The Triumph of Love

The 18th century, the "Age of Reason," the Enlightenment: Voltaire, Adam Smith, Kant, Montesquieu, Hegel. Great thinkers looking at the world in a new way, challenging established views with reason, logic, and faith in the promise of the great advances of science. In literature, Swift and Montesquieu satirized the follies of men, Voltaire’s anti-religious views got him in trouble with the government, Fielding moved from satire into social realism. Fragonard was painting in high Rococco spirit. Gluck wrote operas on classical themes, but began to imbue them with genuine dramatic expression, offering substance over existing florid style–a revolution in itself on the musical stage.

In the midst of this sweeping intellectual change (inevitably followed by political revolution), Pierre Marivaux was writing plays for La Comedie Italienne in Paris; he, too brought new sophistication to the old style, in this case the traditional commedia dell’arte. He charmed the public with intimate examinations of the complexities of human behavior in matters of the heart, creating fast amd funny dialogue, and commenting, as well, on the intellectual pretensions of the time.

His 1732 comedy, The Triumph of Love, seems again ripe for an audience in an age of sexual freedom (tempered by a devastating world-wide epidemic of a sexually transmitted disease) and scientific advancement (little deterring war and global social and economic inquality). Plus ca change, plus c’est la meme chose…

A musical version of The Triumph of Love that played on Broadway in 1997 was a commercial flop, running just over two months.But a nonmusical adaptation by Martin Crimp, produced in 1999 at the Almeida Theatre in London, was an inspiration to director Claire Peploe, wife and frequent collaborator of Bernardo Bertolucci. Peploe has directed this new film version of the play with Bertolucci producing.

It tells the story of a reigning princess, Aspasie (Mira Sorvino), who falls in love with Agis (Jay Rodan), the legitimate heir to the throne she holds. He is the ward of Hermocrates (Ben Kingsley), a philosopher who rigidly believes that all emotion must be completely suppressed in favor of rational thought. Together with his scientist sister, Leontine (Fiona Shaw), he has raised Agis on that principle and kept him in seclusion on their grand estate. The princess, disguised as a man, comes seeking Agis, believing him to be a threat and her enemy, but when she sees him she falls in love. What follows is a compounding series of complications as Aspasie woos Agis, but also turns her considerable charms on both Hermocrates and Leontine. (Why didn’t Mozart ever get the rights to this one?)

Peploe succeeds in creating a frothy atmosphere in elegant settings (filmed in villas in Lucca) and she sustains the lightness of mood throughout. It makes for a charming fairy tale, but, in the cutting of the play, has lost some of the dramatic conviction that underlies the best of comedies. The script is focused on the movement of the plot to the detriment of a fuller exploration of the potential in the material. There is much play on gender, with the Princess in and out of her male impersonation, but, it seems more the stuff of vaudevillian farce–albeit tasteful vaudevillian farce–than of literary comedy. Hermocrates is not well enough established as a rigid, domineering sort to give his turnaround the comic effectiveness called for. (The director’s afterthought to provide glimpses of a modern audience watching the performance is hackneyed and seems coy here. And the use of some jumpcuts is an annoyance that adds no meaningful effect.)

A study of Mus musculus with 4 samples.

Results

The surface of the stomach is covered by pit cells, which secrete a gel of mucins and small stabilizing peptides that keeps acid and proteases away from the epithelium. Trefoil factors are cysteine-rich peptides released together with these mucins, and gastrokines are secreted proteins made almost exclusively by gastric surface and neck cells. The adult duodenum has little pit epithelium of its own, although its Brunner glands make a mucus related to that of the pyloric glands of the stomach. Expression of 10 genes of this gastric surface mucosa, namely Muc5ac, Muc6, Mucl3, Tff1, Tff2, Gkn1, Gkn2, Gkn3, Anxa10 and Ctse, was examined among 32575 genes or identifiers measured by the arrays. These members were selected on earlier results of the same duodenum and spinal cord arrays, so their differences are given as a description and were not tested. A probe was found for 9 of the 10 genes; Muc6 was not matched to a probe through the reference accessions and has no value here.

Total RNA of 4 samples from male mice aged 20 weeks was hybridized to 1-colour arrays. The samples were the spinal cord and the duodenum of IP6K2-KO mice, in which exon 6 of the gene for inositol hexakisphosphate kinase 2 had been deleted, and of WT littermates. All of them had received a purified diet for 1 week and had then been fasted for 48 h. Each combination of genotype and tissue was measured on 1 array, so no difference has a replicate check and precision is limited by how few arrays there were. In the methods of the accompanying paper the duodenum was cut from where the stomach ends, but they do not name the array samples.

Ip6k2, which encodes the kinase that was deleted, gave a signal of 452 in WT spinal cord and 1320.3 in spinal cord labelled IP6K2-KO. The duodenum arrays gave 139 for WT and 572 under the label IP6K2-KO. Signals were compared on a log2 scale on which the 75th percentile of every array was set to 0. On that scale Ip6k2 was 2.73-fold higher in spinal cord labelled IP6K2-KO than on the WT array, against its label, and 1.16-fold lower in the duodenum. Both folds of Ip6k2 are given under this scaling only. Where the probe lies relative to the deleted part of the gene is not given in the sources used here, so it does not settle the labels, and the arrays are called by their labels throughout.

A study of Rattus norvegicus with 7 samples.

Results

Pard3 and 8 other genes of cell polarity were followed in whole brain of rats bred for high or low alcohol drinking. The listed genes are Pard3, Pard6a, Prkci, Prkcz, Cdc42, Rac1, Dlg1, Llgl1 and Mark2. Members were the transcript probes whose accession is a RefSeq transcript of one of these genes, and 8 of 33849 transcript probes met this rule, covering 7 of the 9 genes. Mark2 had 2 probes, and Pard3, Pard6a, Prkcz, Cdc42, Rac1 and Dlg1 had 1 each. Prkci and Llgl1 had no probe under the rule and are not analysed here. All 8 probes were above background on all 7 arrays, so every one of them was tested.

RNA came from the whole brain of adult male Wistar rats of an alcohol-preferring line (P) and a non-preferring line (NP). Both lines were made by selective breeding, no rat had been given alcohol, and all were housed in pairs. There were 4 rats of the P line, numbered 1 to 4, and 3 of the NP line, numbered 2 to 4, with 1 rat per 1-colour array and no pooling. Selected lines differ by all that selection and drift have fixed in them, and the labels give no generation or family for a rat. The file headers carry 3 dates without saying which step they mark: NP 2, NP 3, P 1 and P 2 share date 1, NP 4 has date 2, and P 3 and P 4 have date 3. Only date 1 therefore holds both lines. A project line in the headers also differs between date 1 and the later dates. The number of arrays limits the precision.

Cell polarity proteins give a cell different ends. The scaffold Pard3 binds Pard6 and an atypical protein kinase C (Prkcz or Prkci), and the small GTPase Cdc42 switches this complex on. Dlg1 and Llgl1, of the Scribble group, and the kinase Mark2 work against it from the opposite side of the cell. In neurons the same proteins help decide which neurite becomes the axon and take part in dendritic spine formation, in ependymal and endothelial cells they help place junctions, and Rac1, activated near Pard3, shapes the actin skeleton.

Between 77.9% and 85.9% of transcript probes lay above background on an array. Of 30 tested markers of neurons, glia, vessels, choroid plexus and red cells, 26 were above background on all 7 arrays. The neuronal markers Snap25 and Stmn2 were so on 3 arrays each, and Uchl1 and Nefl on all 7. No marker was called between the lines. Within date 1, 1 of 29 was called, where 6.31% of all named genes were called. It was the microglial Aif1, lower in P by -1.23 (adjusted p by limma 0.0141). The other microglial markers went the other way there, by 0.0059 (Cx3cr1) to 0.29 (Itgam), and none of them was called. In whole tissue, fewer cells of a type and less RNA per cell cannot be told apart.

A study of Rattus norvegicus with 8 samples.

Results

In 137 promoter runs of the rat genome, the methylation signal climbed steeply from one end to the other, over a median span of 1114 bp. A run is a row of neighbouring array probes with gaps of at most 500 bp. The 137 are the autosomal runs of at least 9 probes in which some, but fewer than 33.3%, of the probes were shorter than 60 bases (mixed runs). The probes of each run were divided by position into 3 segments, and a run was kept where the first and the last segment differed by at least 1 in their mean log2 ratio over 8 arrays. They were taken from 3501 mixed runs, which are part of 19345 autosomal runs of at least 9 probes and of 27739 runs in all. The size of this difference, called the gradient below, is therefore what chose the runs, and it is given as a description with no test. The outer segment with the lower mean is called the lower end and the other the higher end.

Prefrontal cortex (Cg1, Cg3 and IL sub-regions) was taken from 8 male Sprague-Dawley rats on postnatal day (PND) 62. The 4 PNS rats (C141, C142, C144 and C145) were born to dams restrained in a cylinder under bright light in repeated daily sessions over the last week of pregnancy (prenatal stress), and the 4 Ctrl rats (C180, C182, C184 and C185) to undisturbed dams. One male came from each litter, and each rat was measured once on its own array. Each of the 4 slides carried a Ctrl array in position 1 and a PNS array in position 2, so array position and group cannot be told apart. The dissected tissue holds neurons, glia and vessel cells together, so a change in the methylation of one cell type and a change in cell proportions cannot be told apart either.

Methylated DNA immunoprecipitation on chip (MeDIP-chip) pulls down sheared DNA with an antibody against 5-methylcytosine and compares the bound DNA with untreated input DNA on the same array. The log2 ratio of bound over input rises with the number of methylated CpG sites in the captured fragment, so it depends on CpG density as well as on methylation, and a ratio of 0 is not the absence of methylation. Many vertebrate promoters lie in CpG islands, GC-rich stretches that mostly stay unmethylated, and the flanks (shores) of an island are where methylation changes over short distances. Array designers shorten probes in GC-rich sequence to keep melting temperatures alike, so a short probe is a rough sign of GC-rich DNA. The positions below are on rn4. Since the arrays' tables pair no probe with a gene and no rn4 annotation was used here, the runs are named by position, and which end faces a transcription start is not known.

Newcomer Jay Rodan looks the role of the handsome prince and has precious little else to do. Kingsley, saddled with an underwritten role, doesn’t get much chance to shine. Peploe might have found the means for him to project a more forceful presence, but there’s not the slightest sign of the emotive power of the Logan of Sexy Beast. Sorvino (Mighty Aphrodite, Summer of Sam) acquits herself well. The role keeps her onscreen practically the entire time and she has a lot of dialogue to deliver, even as she is switching back and forth in gender roleplaying. Still, her performance mostly projects as play-acting; she doesn’t seem to fully inhabit the role.

The one genuinely superlative performance is by Fiona Shaw who offers solid characterization as well as high comedic polish. Watching her transformed from a repressed, dominated, mousy spinster into the girlish, hopeful, liberated (if deceived) beloved is sheer joy. Every muscle of her face, every posture and movement of her body is a disciplined tool of the actor’s art. Only she justifies and exemplifies here a triumph of love; her performance suggests what the film might better have been.

It isn’t a bad film. Light, fluffy, and charming, it will please many, but it does not fully deliver the triumph suggested by The Triumph of Love.

Arthur Lazere

San Francisco ,
Mr. Lazere founded in 1998 and worked tirelessly to promote its potential as a means for communicating a distinctly personal yet wide-ranging selection of arts reviews. Under his leadership, the site grew in esteem as well as in “circulation", and is well-regarded nationally and internationally as a source for up-to-date, well-written criticism. Arthur passed away on September 30, 2006.